George Carlin did a bit a few years back about what a ridiculous notion “saving the planet” really is. The planet isn’t in danger, he claimed, and it’s not something that needs saving. If anything, we’re in danger from the planet (natural disasters, disease, etc). Of course, since his act usually revolves around the cranky misanthrope spouting his general hatred for humanity, his act twists from this notion into a hopeful glee that the human race will eventually extinguish from the Earth. (you can never tell if George Carlin is actually misanthropic, but I don’t have the heart to Google “why did George Carlin hate me” to find out).
During his humorous jabs at the movement, George Carlin brings up a very valid point – the “Save the Earth” folks seem to be misstating their goals. It isn’t the same as preserving a coin collection so you and your friends can marvel at your ability to shine things; it’s more like remembering to not spit into the wind.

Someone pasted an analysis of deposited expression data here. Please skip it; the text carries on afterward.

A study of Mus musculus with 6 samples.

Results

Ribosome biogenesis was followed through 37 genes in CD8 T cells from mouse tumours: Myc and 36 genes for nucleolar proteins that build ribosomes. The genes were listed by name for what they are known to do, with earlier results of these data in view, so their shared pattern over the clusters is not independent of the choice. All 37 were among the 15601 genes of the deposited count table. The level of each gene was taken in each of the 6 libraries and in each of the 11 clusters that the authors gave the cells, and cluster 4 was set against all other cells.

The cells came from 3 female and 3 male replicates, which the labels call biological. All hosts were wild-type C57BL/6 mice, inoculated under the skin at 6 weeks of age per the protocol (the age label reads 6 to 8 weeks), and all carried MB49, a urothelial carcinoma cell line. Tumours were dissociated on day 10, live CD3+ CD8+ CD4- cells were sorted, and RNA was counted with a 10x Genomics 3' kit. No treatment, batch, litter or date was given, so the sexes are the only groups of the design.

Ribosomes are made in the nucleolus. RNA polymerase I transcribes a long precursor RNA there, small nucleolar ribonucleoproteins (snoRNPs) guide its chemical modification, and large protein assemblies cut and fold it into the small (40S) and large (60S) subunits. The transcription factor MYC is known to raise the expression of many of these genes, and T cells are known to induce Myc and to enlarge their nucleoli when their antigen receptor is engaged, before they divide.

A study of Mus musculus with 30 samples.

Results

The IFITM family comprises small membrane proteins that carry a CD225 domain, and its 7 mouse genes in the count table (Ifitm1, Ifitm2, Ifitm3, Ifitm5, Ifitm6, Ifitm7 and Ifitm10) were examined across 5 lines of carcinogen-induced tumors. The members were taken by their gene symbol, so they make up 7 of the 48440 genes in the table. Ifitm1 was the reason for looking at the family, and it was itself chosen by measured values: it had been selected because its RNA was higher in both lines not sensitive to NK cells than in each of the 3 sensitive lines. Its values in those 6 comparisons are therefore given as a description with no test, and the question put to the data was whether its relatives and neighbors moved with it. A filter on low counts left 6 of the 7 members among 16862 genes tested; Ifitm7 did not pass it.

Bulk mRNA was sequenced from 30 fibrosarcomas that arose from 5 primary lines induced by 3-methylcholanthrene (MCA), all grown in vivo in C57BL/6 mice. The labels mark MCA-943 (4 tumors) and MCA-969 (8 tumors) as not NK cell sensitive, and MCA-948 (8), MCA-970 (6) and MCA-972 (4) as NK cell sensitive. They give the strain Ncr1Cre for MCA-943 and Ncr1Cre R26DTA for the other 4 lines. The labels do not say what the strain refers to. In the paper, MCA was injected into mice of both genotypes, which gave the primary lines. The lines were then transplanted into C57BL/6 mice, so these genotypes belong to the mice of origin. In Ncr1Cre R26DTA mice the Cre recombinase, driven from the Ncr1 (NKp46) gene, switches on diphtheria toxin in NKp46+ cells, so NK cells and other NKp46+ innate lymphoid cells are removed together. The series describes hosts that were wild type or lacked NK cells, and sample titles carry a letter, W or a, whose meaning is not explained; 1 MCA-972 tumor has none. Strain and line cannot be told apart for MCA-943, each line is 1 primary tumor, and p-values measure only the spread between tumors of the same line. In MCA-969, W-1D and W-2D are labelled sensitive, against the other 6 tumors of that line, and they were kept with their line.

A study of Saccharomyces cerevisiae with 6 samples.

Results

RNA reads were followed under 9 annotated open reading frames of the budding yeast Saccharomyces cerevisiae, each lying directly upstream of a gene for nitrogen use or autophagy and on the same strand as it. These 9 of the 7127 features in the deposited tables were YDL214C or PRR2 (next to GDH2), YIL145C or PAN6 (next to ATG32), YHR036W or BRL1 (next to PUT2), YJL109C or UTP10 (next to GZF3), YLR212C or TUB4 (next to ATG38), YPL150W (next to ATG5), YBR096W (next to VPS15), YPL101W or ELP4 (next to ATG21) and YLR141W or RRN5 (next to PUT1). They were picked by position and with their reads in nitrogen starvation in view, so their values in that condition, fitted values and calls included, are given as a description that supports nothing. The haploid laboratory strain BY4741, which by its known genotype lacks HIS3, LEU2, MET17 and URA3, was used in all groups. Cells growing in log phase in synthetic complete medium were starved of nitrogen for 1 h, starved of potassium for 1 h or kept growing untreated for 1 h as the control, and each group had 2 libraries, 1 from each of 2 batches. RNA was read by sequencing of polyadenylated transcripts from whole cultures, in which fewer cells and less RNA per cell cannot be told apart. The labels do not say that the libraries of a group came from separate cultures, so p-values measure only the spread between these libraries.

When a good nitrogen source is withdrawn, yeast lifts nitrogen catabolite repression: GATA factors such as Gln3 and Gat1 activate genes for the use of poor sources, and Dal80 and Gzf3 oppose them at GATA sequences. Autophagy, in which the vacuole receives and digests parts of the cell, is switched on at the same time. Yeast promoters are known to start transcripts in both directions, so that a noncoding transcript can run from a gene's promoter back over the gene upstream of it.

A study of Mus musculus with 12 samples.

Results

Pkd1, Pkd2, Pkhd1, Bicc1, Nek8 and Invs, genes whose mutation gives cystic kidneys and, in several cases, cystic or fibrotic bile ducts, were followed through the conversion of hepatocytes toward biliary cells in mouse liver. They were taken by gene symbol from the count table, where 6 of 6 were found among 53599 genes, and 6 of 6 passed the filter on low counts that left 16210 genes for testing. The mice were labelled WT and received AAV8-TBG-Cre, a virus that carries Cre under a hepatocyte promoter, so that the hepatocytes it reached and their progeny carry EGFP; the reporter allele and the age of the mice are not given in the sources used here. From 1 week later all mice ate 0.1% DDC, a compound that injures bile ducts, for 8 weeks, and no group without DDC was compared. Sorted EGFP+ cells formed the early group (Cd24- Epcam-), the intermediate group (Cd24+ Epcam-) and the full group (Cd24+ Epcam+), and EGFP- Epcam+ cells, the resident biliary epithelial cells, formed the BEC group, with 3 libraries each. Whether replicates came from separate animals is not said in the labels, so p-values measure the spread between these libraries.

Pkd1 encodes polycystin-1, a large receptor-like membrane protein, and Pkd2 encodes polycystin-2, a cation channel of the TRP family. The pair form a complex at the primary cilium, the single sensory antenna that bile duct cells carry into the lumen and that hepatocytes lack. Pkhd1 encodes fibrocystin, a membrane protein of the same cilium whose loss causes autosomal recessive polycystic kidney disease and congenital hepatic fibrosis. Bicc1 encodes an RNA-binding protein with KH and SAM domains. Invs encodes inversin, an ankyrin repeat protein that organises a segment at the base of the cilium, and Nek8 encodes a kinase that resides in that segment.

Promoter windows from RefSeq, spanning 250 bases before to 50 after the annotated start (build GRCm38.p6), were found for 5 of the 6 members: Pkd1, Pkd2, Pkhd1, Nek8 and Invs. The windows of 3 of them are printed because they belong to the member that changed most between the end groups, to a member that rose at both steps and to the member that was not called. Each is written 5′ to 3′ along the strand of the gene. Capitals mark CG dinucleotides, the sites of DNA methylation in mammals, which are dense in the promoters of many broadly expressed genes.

George Carlin would point out that saving the planet is selfish and human-centric, since we are just worried about saving our own kind (rather than doing something for the mystic good of Mother Earth). Well, what’s wrong with that? I enjoy the thought that people prefer to work for mankind compared to doing the unspoken bidding of a vague pagan deity.
Most of the people working to save the planet are respectable: scientists, engineers, etc. Sadly, those most vocal about the movement have a hard time separating their egos from the cause. And their counterparts on the other side of the political line can only see them, rather than any of the work being done.
So the next time you hear a debate about saving the planet, realize no one’s really on the other side of that issue. It’s just a venting of egos between hotheads who are too busy thinking of things to say to actually listen.